We intend to move forward as a region, with governors using their political capital to break through the barriers.
The marketplace will eventually drive this paradigm shift forward. The only question is whether our region will help lead this change and thereby benefit from it, or be left behind and damaged by it.
I want to make what I believe is an important point here. SmartStates and the virtual university represent what I believe is an increasing trend in this nation's governance -- states working together.
This has high relevance as the nation engages in a great debate about devolution, centralized government and the responsibilities of the various levels of government. As states are granted more flexibility and authority in block grants, critics are wringing their hands in worry that states won't take care of basic human services needs and won't protect the environment.
Believe it or not, compassion, sensitivity and competency do exist outside the beltway. It is unfair to suggest that the thousands of state and local officials, all across this highly diverse country, directly accountable to voters, will not fairly, humanely and competently respond to the needs of the people. It is unfair to suggest that Washington knows better and can devise one-size-fits-all solutions that are superior to local solutions.
Today, the top-down mainframe era has been eclipsed by the power, speed and flexibility of networked PCs. Today, state and local governments are increasingly competent, professional and modernized. It is states that are developing innovative solutions to public policy problems, leading the way in welfare reform, education reform, health care reform and high-tech service-delivery initiatives. While the federal government was pre-eminent and rose to the challenges of the Industrial Age, today when citizens look at the federal government they see deficits, gridlock and unfunded mandates. State and local governments are ready to rise to the challenges of this new Information Age era of decentralization and empowerment.
With initiatives like the virtual university and SmartStates, the 50 states are establishing new ways of learning from, partnering, and collaborating with each other, operating like an intelligent network with end-point empowerment. Today there is an exciting new emphasis on "benchmarking" and "best practices" in state governments.
Over time, as states learn "best practices" from each other, we will see a definite upward spiral in competency, improved management and delivery of services. One state will find some exciting breakthroughs in welfare reform; another in electronic delivery of services; another in law enforcement, and so on. Ask yourself this question: Could such innovation, creativity and energy ever be spawned by one-size-fits-all solutions mandated from Washington?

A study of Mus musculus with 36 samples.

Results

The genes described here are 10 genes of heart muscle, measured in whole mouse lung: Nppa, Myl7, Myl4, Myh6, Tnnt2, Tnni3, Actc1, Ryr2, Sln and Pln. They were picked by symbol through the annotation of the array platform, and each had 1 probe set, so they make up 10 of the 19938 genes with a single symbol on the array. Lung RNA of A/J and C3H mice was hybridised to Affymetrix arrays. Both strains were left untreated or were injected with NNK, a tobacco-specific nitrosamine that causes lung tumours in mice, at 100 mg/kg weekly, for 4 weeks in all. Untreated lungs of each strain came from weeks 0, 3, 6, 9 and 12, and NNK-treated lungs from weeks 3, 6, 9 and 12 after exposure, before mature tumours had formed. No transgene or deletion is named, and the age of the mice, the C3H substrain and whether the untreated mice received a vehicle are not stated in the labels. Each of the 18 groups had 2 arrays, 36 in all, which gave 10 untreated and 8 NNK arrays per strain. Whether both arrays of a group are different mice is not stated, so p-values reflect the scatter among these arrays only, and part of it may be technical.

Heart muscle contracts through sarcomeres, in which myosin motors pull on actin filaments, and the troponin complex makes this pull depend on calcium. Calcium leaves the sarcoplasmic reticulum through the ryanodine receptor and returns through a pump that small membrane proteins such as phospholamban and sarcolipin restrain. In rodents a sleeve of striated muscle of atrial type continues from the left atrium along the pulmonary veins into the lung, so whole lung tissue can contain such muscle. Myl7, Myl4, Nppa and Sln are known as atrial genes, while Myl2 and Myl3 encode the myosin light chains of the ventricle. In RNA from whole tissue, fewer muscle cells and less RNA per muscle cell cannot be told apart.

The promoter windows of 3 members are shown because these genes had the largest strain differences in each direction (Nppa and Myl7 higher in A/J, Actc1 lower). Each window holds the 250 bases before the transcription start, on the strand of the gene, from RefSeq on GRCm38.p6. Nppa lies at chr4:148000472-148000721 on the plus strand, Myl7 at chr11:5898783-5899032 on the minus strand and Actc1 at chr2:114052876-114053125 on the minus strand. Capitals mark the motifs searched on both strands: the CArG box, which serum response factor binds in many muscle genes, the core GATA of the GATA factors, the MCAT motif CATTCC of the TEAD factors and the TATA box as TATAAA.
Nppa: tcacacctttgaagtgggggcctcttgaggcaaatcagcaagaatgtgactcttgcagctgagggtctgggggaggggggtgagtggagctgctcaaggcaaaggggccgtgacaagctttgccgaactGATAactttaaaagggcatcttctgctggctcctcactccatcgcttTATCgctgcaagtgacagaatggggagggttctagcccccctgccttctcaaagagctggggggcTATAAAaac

The large state organizations like the National Governor's Association, the National Conference of State Legislatures and the Council of State Governments are catching this vision. If they can be freed from spending so much time and effort in a defensive mode lobbying Washington, these organizations plan to devote more resources to state policy and management initiatives. With increased flexibility and authority, states can turn to collaborative learning and innovation, instead of spending so much effort fighting federal mandates.
Our country continues to need a strong national government that is supreme in limited areas of jurisdiction. The federal government will never be successful or have the support of citizens as long as it tries to be all things to all people and imposes mandates that don't fit the individual circumstances of the nation's diverse communities. We may never have another successful or truly popular president as long as
the president is responsible for every aspect of every citizen's life. The job description, as presently written, is not doable.
We can strengthen the federal government by focusing it more narrowly on those things it should be doing -- on those duties delegated to it by the Constitution. We need a national government that sets standards, but does not prescribe how these standards should be met.
We truly are seeing a transformation in society and in politics. Technological advances will help usher in the "Century of the States," with states collaborating, working together and learning from each other.
This article was edited from the text of a speech presented at the "Service to the Citizen Summit" Feb. 29 in Denver.